Welcome to Politics of Style — a column wherein I will consider all manner of presentation in popular culture through the lens of identity politics. With each installment, I’ll seek to contextualize the media we consume by connecting the dots between aesthetics, cultural production and social/cultural/political significance with levity… or not.
Here are two words I never thought I’d say in seriousness: howdy, patnas. But guess what? I mean it, because the Yeehaw Agenda is here.
If you’re not ready to giddyup then maybe you haven’t heard of the delightful trend that is capturing the hearts and minds of all Americans. Okay, maybe not all Americans, but at least a good chunk of Black Americans and all of those who really… “appreciate” us (hot take: all Americans!).
Annnnyway, pop culture has recently seen a resurgence of trends related to or stemming from aesthetics largely associated with cowboys and herding cattle and such. We saw these kinds of images all over the visuals for Solange’s latest release. Cardi B’s been rocking chaps. NBA style, apparently, has “literally become the wild west.” This, my friend, is the rise of all that is “yeehaw.” And while it’s been reported on as a broad cultural movement encompassing all contemporary interest in cowboy fashion and culture, it’s also a trend specifically born out of the complex relationship Black people have with America(na).
“When I started using the term [yeehaw agenda] online it was just in celebration of fly Black girls in western looks but it’s become a whole movement,” Bri Malandro, a pop culture archivist from Houston who coined the term tells me. Now she runs the account @yeehawagenda, where she shares images of Black people in westernwear and doing such cowboy-esque things as riding horses in an attempt to change what people associate with western style and culture. As Brooklyn White writes, “Malandro’s content is a form of reclamation.”
A reclamation of what?, you may want to know. From where I sit (at my computer in Brooklyn as a born-and-bred northeasterner), this reclamation is about Black people taking up the space we have always occupied but often been denied: In the occupied territories we call America, in U.S. history, in pop culture at large. It’s about taking credit when it’s due yet not given. The way I see it, “yeehaw” loosely translates to, “We outchea. Always have been — let me remind ya.”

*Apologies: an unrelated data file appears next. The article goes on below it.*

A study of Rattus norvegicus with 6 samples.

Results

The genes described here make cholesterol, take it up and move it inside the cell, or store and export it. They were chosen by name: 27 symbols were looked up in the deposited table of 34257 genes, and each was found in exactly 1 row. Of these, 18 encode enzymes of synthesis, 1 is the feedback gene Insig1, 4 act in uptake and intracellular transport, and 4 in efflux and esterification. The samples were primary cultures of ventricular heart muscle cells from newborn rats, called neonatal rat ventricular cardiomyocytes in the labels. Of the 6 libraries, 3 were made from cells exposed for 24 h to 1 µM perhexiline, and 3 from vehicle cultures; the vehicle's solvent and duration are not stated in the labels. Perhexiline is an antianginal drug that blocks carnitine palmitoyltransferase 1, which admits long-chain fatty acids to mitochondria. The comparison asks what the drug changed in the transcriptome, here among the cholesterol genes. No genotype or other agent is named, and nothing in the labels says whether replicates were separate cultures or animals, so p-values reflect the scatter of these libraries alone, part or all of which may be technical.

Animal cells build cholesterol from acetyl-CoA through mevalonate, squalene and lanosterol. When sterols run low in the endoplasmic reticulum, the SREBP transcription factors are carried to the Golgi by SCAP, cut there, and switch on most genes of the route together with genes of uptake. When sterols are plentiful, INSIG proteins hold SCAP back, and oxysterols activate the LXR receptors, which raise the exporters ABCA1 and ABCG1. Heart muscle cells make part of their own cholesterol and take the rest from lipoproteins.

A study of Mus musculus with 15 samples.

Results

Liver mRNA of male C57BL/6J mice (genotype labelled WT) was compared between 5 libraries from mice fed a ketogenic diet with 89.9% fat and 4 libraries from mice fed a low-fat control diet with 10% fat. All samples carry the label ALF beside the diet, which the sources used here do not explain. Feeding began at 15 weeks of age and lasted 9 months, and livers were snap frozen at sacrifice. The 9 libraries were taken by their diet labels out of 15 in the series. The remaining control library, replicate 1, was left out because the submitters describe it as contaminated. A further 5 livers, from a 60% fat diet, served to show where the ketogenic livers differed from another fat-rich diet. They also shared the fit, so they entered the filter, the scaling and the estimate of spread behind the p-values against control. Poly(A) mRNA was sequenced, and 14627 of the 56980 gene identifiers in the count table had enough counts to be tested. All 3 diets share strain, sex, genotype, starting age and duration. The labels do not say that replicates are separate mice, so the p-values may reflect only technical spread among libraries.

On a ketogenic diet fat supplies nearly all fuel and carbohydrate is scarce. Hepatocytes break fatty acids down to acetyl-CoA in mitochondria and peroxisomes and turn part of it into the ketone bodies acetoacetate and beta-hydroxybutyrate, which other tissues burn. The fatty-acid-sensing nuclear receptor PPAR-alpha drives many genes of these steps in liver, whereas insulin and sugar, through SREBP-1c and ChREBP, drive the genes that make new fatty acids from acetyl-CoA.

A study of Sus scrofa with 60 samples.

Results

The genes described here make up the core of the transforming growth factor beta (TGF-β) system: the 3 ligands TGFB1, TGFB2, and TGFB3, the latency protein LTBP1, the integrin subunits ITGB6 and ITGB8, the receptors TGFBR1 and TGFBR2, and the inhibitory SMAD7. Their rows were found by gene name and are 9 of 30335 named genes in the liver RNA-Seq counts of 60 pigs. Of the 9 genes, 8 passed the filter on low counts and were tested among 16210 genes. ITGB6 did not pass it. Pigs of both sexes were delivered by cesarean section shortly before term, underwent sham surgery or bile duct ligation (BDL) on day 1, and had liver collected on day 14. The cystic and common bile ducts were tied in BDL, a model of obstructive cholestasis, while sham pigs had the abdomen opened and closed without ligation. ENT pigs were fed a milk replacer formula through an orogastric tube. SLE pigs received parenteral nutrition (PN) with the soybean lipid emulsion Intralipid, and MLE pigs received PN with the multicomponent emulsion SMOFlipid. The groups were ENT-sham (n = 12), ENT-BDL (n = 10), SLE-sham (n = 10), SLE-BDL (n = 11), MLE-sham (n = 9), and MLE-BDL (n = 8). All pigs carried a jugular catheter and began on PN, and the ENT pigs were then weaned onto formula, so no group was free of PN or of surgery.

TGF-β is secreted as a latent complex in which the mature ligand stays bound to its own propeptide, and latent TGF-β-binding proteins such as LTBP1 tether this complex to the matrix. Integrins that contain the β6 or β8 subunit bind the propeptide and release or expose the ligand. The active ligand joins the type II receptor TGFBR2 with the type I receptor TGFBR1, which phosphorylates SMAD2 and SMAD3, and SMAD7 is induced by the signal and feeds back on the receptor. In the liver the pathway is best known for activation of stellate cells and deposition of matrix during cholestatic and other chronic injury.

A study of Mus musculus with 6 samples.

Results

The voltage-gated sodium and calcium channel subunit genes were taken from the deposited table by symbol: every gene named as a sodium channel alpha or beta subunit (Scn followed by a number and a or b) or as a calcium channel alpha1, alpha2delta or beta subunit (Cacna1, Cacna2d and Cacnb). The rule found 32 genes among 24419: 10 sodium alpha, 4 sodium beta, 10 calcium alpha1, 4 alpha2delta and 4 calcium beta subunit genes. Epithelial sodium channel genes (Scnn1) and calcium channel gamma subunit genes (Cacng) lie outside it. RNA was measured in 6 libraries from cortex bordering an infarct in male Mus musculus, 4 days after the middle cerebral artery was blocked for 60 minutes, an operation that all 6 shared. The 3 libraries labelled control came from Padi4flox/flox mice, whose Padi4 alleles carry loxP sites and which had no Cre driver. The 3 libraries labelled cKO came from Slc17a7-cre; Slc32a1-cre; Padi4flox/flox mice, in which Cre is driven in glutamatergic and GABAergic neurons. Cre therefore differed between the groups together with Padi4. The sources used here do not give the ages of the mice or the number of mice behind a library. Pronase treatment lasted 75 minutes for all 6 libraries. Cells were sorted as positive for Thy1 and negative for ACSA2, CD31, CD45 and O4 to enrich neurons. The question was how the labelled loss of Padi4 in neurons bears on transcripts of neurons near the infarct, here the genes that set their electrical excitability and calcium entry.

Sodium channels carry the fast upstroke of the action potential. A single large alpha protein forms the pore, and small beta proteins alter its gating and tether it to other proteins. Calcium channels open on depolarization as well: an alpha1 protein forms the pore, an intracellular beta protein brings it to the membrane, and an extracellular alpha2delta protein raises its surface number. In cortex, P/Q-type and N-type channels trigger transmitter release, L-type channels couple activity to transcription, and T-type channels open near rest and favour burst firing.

For example, the yeehaw agenda has reminded us to consider the crucial contributions Black folk made to the American ranching industry; how Black cowboys are typically “erased from the narrative on how the United States purchased stolen land from Spain at the expense of Indigenous communities.” Conversations have been reignited about how back in the day, one in four cowboys was Black, which of course leads to conversations about all of the discrimination Black cowboys experienced, and all of the ways Black folk resisted that discrimination. But the yeehaw agenda doesn’t just give us new eyes with which to view our past — it helps us contextualize our pop cultural present (in which one of the hottest rappers in the game right now is a Houston woman named Megan Thee Stallion and Lil Nas X is a thing) too.
Bri Malandro isn’t the only femme celebrating the ways Black folk participate in narratives often thought of as belonging to the American South and West but not to Black people. Gaby Wilson runs @blackgirlsincowboyhats, a living archive dedicated to Black femmes making westernwear an intentional aesthetic choice — which she sees as both sartorial and subversive: “The image of a Black woman in a cowboy hat at this moment — historically, politically, culturally — it’s the antithesis of an old white dude in a MAGA hat, basically; of this new nationalist, anti-Black thing. This is Black women reclaiming an old piece of Americana for themselves, and there’s something really cool and powerful about that.”
In that sense, Gaby’s account is political, but it’s also just a space to celebrate Black women — our ingenuity; our creativity; our ability to turn and everything into a drip. “Everyone has the same prop,” she says. “A cowboy hat is very flamboyant, it commands attention, it’s fun to wear. The brim turns out, there’s no other hat that looks like it — they’re crazy. Some of my favorite submissions are when the hats are embellished or bedazzled in some sort of way. It’s exciting to see what people can do to them, because as objects, cowboy hats are just fun.”
OMG, cowboy hats ARE fun. Honestly I don’t know what’s more fun — cowboy hats as objects, or interrogating what they mean semiotically and for the culture. Which is what we’ve just done here! As per usual, hope y’all enjoyed this little foray into fashion and such. Can’t wait to chat with y’all about it in the comments. And do tell: What would you like to see covered in a future Politics of Style? Lmk that, plz, and where I might be able to get some cute chaps at a good price.
Photo by Frank Carroll/NBCU Photo Bank via Getty Images.